If Morgan Freeman is Clarksdale's most recognizable resident, Democratic gubernatorial candidate Bill Luckett may be its second. An attorney and developer, Luckett runs two of his high-profile business ventures with Freeman, the Ground Zero Blues Club and Madidi's Restaurant.
While his commitment to Clarksdale may have a long history, his legal residency there may be a more recent development. Luckett's eligibility to run has come under scrutiny with the release of documents suggesting that he has not been a legal resident of Mississippi for the five years state law requires.
Coahoma County tax records show that Luckett first filed for homestead exemption in Clarksdale in 2008. Before then, he filed for the exemption in Tennessee. Homestead exemption is not the only criterion for determining legal residency, but other records also complicate Luckett's claims to residency.
The Associated Press reported March 11 that Luckett was registered to vote in Shelby County, Tenn., from 1996 to 2008 and had voted in Memphis as recently as Nov. 7, 2006. Luckett declined to answer AP's questions about where he files homestead exemptions.
On March 13, 2008, Luckett registered to vote in Coahoma County. He listed, as his dates of residency at his Clarksdale home, December 2007 to the present. Before then, his registration form shows, he claimed a residence in Memphis from January 2002 to December 2007.
Shelby County deleted Luckett from its voter rolls after his Mississippi registration.
"I have lived in Mississippi for over 61 years straight," Luckett said in a statement emailed to the Jackson Free Press.
"Over part of that time I owned multiple residences, including a place in Tennessee. I've had a Mississippi driver's license since I was 15 and have bought all my car tags here in Mississippi since my very first vehicle. I am a Mississippian, and my fellow Mississippians will choose their leaders, not political hacks playing games."
The state Democratic Executive Committee approved Luckett's qualifications and those of Hattiesburg Mayor Johnny Dupree March 12, allowing both to appear on the primary ballot.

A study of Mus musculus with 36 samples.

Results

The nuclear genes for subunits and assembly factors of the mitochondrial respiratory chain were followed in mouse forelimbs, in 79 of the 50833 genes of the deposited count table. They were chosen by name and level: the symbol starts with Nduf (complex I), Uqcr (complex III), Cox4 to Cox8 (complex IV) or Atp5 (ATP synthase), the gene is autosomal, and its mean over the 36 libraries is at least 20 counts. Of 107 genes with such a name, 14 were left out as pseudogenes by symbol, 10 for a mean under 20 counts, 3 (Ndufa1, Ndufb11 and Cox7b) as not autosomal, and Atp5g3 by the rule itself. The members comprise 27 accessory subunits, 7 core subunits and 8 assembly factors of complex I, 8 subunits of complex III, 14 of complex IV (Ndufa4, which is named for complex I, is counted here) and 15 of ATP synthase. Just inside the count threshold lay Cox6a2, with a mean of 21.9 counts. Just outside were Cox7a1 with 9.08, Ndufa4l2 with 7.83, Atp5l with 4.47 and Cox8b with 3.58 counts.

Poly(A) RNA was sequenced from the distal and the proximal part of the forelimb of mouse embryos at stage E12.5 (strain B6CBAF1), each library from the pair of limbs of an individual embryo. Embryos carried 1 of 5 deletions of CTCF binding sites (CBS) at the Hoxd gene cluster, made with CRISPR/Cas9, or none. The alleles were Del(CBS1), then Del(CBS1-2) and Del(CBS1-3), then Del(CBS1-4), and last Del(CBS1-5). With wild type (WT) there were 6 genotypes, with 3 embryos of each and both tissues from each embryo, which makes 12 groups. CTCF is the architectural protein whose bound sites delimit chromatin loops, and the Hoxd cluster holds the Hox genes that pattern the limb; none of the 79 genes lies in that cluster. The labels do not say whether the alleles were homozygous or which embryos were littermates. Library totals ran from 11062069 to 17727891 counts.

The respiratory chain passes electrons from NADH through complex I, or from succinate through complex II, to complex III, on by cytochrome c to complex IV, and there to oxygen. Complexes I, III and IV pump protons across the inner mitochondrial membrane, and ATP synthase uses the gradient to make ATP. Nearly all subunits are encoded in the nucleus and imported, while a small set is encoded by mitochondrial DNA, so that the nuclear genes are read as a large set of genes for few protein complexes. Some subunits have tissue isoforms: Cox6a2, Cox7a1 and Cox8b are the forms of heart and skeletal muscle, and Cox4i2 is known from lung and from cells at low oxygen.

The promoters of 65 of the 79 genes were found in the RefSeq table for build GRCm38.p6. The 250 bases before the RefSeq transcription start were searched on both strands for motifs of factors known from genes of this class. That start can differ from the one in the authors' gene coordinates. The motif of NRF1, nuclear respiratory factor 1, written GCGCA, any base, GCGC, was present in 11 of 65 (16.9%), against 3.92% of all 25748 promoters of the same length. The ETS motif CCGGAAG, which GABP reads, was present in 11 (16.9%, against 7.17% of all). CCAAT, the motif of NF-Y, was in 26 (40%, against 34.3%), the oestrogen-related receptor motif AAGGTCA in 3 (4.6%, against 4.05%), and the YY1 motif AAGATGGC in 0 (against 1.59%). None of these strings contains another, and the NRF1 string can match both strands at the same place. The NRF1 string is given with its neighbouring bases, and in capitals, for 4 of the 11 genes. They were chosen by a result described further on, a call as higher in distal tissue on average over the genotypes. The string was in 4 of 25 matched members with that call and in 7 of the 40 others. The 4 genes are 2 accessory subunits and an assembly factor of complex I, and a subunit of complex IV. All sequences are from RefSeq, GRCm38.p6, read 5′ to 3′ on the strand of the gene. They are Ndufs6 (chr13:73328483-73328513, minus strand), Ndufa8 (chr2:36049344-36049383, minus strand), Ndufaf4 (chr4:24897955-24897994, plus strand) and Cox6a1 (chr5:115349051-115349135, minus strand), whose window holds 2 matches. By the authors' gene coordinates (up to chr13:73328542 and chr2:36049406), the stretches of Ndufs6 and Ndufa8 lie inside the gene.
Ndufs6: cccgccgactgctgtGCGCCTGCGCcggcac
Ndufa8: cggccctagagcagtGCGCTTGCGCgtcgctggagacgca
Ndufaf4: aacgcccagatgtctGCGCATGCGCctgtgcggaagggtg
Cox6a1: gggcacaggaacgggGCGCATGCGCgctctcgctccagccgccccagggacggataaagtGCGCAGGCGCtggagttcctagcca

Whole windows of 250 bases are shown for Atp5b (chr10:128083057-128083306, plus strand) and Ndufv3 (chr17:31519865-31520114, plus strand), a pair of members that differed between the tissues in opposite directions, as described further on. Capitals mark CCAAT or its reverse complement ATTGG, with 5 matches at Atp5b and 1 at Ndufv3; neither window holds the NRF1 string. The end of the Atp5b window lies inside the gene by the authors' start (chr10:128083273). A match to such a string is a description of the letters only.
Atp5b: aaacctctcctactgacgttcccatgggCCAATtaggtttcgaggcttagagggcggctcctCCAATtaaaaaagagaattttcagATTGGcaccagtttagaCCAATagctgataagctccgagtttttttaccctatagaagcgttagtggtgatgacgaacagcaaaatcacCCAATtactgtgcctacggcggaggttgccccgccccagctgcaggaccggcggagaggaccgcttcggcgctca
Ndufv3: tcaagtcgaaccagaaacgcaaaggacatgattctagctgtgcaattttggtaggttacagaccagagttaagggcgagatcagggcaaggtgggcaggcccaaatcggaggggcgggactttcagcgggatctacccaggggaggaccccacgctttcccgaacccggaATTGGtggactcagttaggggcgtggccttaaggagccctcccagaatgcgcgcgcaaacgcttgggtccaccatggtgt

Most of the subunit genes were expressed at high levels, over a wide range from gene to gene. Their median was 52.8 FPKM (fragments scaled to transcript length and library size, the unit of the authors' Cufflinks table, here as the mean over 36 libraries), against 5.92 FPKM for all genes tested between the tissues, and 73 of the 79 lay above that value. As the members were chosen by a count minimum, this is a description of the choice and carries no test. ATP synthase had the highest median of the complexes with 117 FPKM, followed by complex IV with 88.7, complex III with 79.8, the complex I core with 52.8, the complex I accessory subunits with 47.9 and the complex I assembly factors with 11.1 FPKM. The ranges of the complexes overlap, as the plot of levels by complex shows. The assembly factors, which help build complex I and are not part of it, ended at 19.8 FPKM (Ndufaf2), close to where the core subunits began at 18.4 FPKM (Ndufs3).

State law allows challengers to a candidate's residency to submit a complaint to the relevant party's executive committee. The Democratic Executive Committee did not receive any such challenge, and the 10-day window for filing a challenge after the committee's decision has expired.
Dupree's campaign does not have plans to contest Luckett's qualifications.
"I think that's up to the Democratic Party's executive committee to decide whether or not he's on the ballot," said Sam Hall, campaign manager for Dupree. "As far as the mayor's concerned, as far as the campaign is concerned, our only focus is running for governor and talking about what the mayor has done as mayor and what he will do as governor."
On Monday, Hall released an additional statement saying in part, "it seems clear to us that there are serious questions about whether or not Mr. Luckett has lived in Mississippi for the constitutionally required five years." Nevertheless, Hall said, deciding Luckett's eligibility "remains an issue for the Mississippi Democratic Party and Mississippi voters."
Barring a decision by the executive committee not to place Luckett on the ballot after certifying him, both candidates will appear on ballots for the Aug. 2 primary. After the primary, the next opportunity for a challenge would be to file a complaint with the state Elections Commission, which is composed of the attorney general, governor and secretary of state. With two Republican members on the three-member commission, such a complaint would be an attractive tactic for Republicans hoping to eliminate a gubernatorial opponent.
Opponents could file a lawsuit challenging Luckett's eligibility. State law requires the governor to reside in Mississippi for five years preceding the election. That means Luckett would have to prove that he was a legal resident of Mississippi on or before Nov. 8, 2006.
The Mississippi Supreme Court has heard challenges to candidates' residency qualifications. Its rulings have not delineated a simple means of deciding residency status.
"The general rule in this state is that there is a rebuttable presumption that one's domicile and residence are where his homestead exemption is filed," Justice George Carlson wrote for the court in a 2007 case. "This court recently held that a potential candidate's decision to forego homestead exemption in the county of his apparent residence is not definitive for purposes of determining his legal residence. … This court has never held that a decision to forego homestead negates the otherwise obvious establishment of a domicile."